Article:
Morris soil lab’s backers making their voices heard

By Carol Stender

MORRIS, Minn. — Sue Dieter is a regular on the Barnes-Aastad Association’s annual lobbying trip to Washington, D.C.

Dieter says the atmosphere on Capitol Hill was different this year.

"This is an especially challenging budget year," Dieter told Barnes-Aastad members last week at their annual meeting in Morris. "Almost all federal agencies are in for cuts. And any discussion on earmarks is contentious."


Barnes-Aastad is a support organization for the Morris-based USDA-ARS North Central Soils Research Lab. The six members who made the trek had one purpose in Washington: They want to restore the lab’s $3 million in funding.

The soils lab is one of 11 that could close if President George W. Bush’s proposed budget passes. The chances of that appear slim.

"This is an election year, so it’s questionable whether there will be a budget passed before the election," said Barnes-Aastad secretary and lobby delegation member Dan Perkins. "We are in a wait and see point right now, but we aren’t suggesting we will hear anything soon on the funding."

Former soils lab director Chuck Onstad said the group must remain vigilant despite a change in administration after November.

The group met with North Dakota, South Dakota and Minnesota congressional delegations, ARS officials and Office of Management and Budget representatives. Minnesota Sens. Norm Coleman and Amy Klobuchar and Seventh District Congressman Collin Peterson plus South Dakota Senator Tim Johnson have submitted budget restoration requests to the appropriations committee for lab funding.

Perkins called the lab closure proposal unprecedented. Although there have been calls for lab closures in the past, there have never been this many in past proposals.

The proposal could get the lab’s work greater notice, Onstad said. Two ARS labs in Sydney, Mont., and Mandan, N.D. were slated for closure at one time but both were refunded. After funding was reinstated, the Mandan lab received additional funding and was able to double its building size for more project work.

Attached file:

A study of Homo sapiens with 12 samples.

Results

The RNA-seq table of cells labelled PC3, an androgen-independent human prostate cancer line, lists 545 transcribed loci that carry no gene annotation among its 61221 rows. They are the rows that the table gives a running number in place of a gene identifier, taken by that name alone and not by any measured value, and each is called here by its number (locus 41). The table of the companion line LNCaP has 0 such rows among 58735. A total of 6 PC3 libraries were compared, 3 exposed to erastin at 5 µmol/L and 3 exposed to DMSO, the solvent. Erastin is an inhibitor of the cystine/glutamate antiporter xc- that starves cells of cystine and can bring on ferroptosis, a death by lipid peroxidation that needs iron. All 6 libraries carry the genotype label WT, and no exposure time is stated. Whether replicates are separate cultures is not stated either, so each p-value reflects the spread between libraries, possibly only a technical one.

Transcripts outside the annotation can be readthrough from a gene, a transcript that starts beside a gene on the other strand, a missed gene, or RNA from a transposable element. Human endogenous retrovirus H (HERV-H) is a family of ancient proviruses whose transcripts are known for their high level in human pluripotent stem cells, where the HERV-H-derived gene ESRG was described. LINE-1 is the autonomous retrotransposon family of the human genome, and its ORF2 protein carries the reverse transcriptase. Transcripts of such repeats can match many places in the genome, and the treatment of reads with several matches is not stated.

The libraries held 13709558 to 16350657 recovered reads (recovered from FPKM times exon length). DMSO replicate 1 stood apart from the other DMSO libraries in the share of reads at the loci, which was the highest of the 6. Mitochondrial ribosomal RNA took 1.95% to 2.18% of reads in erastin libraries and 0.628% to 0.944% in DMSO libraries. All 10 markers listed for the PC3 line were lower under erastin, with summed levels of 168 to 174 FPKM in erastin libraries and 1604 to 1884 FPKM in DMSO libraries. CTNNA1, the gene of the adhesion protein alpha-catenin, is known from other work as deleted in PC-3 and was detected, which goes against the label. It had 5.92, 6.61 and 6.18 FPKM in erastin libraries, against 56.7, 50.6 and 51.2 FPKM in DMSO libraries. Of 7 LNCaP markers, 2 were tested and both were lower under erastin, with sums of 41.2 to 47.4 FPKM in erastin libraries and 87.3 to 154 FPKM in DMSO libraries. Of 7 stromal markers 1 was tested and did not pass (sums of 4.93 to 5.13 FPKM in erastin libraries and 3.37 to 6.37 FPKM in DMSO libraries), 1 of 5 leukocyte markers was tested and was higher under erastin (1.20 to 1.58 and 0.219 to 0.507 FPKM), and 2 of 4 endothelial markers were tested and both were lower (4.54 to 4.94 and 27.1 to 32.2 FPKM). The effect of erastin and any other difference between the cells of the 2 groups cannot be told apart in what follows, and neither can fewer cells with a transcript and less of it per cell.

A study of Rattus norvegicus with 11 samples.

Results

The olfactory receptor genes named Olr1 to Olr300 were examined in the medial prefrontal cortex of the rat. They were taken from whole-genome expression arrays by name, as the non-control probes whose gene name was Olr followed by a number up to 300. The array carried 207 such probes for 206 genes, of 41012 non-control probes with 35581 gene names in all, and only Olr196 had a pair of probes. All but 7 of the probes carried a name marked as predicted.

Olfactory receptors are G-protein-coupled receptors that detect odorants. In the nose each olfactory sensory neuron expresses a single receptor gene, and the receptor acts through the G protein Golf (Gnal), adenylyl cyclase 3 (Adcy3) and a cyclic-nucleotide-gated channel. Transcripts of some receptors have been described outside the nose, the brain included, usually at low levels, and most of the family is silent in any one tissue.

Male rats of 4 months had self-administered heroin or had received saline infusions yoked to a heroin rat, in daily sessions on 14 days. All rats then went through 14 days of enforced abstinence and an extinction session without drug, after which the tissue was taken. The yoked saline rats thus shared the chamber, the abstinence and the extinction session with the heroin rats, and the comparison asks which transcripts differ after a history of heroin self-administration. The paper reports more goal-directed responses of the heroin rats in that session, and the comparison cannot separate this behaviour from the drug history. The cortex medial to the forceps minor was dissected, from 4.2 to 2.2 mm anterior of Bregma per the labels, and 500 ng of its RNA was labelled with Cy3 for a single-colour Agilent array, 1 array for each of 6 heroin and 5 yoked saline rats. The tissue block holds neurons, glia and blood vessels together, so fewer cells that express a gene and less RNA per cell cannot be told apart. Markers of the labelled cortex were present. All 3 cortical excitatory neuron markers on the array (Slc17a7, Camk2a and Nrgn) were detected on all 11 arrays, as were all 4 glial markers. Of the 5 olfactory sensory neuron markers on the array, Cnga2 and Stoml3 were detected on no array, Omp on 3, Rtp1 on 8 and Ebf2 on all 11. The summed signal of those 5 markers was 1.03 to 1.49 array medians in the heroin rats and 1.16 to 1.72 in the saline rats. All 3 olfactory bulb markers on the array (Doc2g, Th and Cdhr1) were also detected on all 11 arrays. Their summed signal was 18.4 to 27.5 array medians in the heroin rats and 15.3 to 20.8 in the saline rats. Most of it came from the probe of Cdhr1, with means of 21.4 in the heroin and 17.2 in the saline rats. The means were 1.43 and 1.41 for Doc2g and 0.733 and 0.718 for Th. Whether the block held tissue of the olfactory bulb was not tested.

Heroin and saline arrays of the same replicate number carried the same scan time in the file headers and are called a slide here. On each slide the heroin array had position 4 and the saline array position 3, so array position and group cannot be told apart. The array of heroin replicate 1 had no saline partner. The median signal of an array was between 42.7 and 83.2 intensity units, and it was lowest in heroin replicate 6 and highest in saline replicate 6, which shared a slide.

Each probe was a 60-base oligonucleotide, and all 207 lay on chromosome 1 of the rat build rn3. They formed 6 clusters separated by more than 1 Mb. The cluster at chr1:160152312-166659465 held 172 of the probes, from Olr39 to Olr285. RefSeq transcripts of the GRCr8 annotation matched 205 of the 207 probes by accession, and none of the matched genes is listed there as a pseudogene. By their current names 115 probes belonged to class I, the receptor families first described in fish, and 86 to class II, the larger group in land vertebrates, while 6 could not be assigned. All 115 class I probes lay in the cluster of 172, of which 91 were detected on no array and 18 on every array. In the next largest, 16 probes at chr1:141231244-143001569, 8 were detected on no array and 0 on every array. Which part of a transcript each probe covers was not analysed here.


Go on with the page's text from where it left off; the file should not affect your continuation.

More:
"It happened because of the attention they got," Onstad said. "I’m not saying we could double in size but history has shown that when the attention increases, things can happen. Right now, we still need to continue to raise our voices."


Restoring the budget isn’t enough, Perkins said.

"From this point on, though, we need to flourish," Perkins said. "Restoring the budget just puts us back in business. We need to flourish and we need to get more flexible. We need to be looking at the initiatives set up by the president."

The soils lab has had flat funding for the last five years with 90 percent of the budget tied up in fixed costs, Dieter said in a delegation written report. Fixed costs will make up all of the lab’s budget in the next two years unless it can obtain additional funding. ARS officials suggested working on 2010 budget proposals now to align the lab with the presidential priorities and regain stability in the lab’s funding.

"In the past, we’ve come in at the tail end of a budget process, but now we need to get there early and get our proposals in at the beginning of the process," Perkins said.

Priority areas established in the president’s proposed 2009 budget include food safety; obesity prevention; water reuse in agricultural systems; crop and animal production; agricultural genomics, germplasm and collections; bioenergy and bioproducts; library and information services; and bee colony collapse disorder.

The soils lab is part of a research triangle with the University of Minnesota-Morris, West Central Research and Outreach Center and the soils lab, Perkins said. The three are collaborating on renewable energy projects including the biomass gasification system and renewable fuel sources for the UM-M campus.

WCROC interim director Jerry Wright said the soils lab is an important part of the research triangle. While the center is working on wind to hydrogen renewable energy projects, it’s closely involved with UM-M’s biomass gasification system. The soils lab is monitoring the effects of biomass on cropping systems, carbon footprints and non-food crops that can produce oil needed for renewable energy.